Faux-pas flashback

Wine and Coke go well with ketchup on filet mignon

Photo Illustration by Carey Wilson

¡Que raro! The wine and Coca-Cola concoction is also popular in Spain and is known as Calimocho.

Over Christmas, I had a flashback to the spring of 1975. It was my parent’s 15th wedding anniversary. Instead of going out to dinner, my mother wanted to have a small party at home with family and a few close friends. She planned and prepared a dinner with the main attraction being filet mignon that she special ordered through The Butcher Shop at S&S Produce.

The table was set with china, cut crystal and, pewter relish trays with carrots, scallions, olives and bread sticks. On each end were bottles of 1968 Heitz Cellars cabernet sauvignon that my father had opened an hour earlier to breathe.

After the guests were summoned to the table, my noticeably proud mother came gliding from the kitchen placing a perfectly cooked filet on the plate of each guest. After all were served, apron off, my mother took her place at the head of the table to hold court. With heads down and hands folded, she had not yet even delegated my father to say the blessing when an adult guest asked, “Do you have any ketchup?”

Now, I was 9 at the time and unaware of most everything. However, the sound of this silent train wreck was deafening. My mother, civil-to-a-fault, furrowed brow and face flushed red, calmly said, “After we pray, I’ll see what I have.”

Once all the guests had left, my mother let it fly. Non-stop ranting about interrupting grace and how one should never put ketchup on filet mignon and never, ever season food without tasting it first. As she continued, I was able to surmise she was hurt more financially than sensibly. Treating an expensive piece of meat like a Big Mac left her feeling robbed and me with an irrational impression of food, money and personal taste.

The onset of this flashback occurred at a party two days before Christmas. I was selecting tasty hors d’oeuvres at an elegant buffet while the gentleman in front of me was pouring himself a half glass of the excellent 1999 Newton unfiltered Napa Valley cabernet. He continued, down-line, to fill the rest of his glass with Coca-Cola. This was not my party, yet I winced and felt a sting around my wallet just the same.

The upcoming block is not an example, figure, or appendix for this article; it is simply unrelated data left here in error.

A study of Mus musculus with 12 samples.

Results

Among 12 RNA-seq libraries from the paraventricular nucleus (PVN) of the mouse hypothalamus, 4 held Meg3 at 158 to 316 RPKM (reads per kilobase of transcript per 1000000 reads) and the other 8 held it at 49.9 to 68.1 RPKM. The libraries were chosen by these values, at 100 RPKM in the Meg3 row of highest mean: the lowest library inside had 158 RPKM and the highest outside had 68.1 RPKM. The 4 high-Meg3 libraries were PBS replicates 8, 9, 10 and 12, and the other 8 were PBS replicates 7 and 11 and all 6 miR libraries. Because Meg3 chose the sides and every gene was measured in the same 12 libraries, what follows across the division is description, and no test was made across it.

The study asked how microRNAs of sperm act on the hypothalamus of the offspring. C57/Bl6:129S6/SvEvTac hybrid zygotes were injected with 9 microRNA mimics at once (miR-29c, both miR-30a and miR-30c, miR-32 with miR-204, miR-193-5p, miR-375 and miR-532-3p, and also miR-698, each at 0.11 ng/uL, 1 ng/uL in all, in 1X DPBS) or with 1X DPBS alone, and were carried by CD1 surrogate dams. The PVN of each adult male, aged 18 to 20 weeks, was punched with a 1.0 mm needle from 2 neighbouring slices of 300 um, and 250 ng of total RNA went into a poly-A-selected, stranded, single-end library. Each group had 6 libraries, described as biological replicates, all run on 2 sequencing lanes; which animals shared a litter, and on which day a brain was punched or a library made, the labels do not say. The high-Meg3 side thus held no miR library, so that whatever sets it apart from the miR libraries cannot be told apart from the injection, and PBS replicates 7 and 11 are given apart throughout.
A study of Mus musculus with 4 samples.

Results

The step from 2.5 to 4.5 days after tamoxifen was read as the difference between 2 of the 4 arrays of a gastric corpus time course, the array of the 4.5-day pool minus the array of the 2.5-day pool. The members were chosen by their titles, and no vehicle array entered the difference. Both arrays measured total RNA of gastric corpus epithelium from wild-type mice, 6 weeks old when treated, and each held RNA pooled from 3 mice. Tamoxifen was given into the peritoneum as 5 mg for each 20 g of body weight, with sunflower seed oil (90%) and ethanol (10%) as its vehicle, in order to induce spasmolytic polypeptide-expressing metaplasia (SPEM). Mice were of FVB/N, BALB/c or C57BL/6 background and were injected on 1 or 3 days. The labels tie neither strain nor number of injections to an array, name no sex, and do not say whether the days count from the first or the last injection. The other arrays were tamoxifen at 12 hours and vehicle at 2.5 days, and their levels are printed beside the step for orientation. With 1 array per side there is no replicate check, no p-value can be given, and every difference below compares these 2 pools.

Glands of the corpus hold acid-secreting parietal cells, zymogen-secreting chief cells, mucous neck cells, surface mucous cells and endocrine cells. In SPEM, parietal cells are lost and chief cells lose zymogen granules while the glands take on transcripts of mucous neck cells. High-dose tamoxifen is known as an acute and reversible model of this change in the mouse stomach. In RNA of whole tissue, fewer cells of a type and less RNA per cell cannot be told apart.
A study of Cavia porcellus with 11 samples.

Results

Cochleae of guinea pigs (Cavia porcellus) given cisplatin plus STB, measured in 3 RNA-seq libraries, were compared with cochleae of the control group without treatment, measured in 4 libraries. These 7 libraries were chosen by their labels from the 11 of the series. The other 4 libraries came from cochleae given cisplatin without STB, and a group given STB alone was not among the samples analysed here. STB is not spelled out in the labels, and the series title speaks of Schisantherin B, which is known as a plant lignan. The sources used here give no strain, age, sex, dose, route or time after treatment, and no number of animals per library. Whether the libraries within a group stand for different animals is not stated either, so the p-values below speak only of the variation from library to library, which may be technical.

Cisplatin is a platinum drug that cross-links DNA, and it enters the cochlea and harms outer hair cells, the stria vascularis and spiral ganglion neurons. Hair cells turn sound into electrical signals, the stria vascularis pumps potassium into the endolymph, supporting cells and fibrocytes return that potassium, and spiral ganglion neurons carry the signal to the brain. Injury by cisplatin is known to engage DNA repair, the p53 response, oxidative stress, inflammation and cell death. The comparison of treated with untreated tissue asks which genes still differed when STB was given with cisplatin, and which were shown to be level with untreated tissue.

Being curious, as well as needing to comfort my scared inner-child from 1975, I put myself in a position to introduce myself, engage in small talk, comment on the party and ask him what he was drinking.

“Idz a Katemba,” he said in an accent that was a cross between Australian and German.

“A Katemba? I’ve never heard of it? What’s in it?” I asked, not wanting to let on that I already was witness to his egregious display of social and oenological oblivion.

“Red wine and kolah. Idz predy poabular where I em froam in South Africa. Want a try?” I took a sip and thought it tasted like burnt sangria.

Satisfied that I was witness to a cultural anomaly, I moved on to enjoy the evening when I over heard a conversation where a different guest was asked what he was drinking. His reply was, “Id iz a ved vine and coag.” His Dracul-ian dialect placed his origins far from South Africa—he turned out to be Romanian.

Never in my life have I seen, heard of, tasted or thought about mixing wine and cola. Yet, I encounter two unrelated people tossing down tinctures of $30 wine and caramelized, carbonated corn syrup on the same night! I immediately concluded there must be a connection to mixing wine and Coke with being foreign. But surely a Frenchman wouldn’t dare taint his first growth Chateau Margaux with “Le Cola.” Certainly Henri would disapprove. Perhaps the wines of South Africa and Romania, for years, were nothing more than low-grade furniture polish thus deserving such treatment. A practice that must be decades old as South Africa is now producing world-class, premium wines.

I must admit their folksy apathy was rather admirable; after all, wine is just fermented grape juice—and it was there for their enjoyment. On the social register, however, if this is how they want to treat wine, expensive or otherwise, they should arrive at parties with a personal stash of Carlo Rossi to avoid offending the sensibilities of the host. Although, I’m not sure how my mother would have fared if her ketchup-loving invitee showed up to her soiree wielding a Big Mac.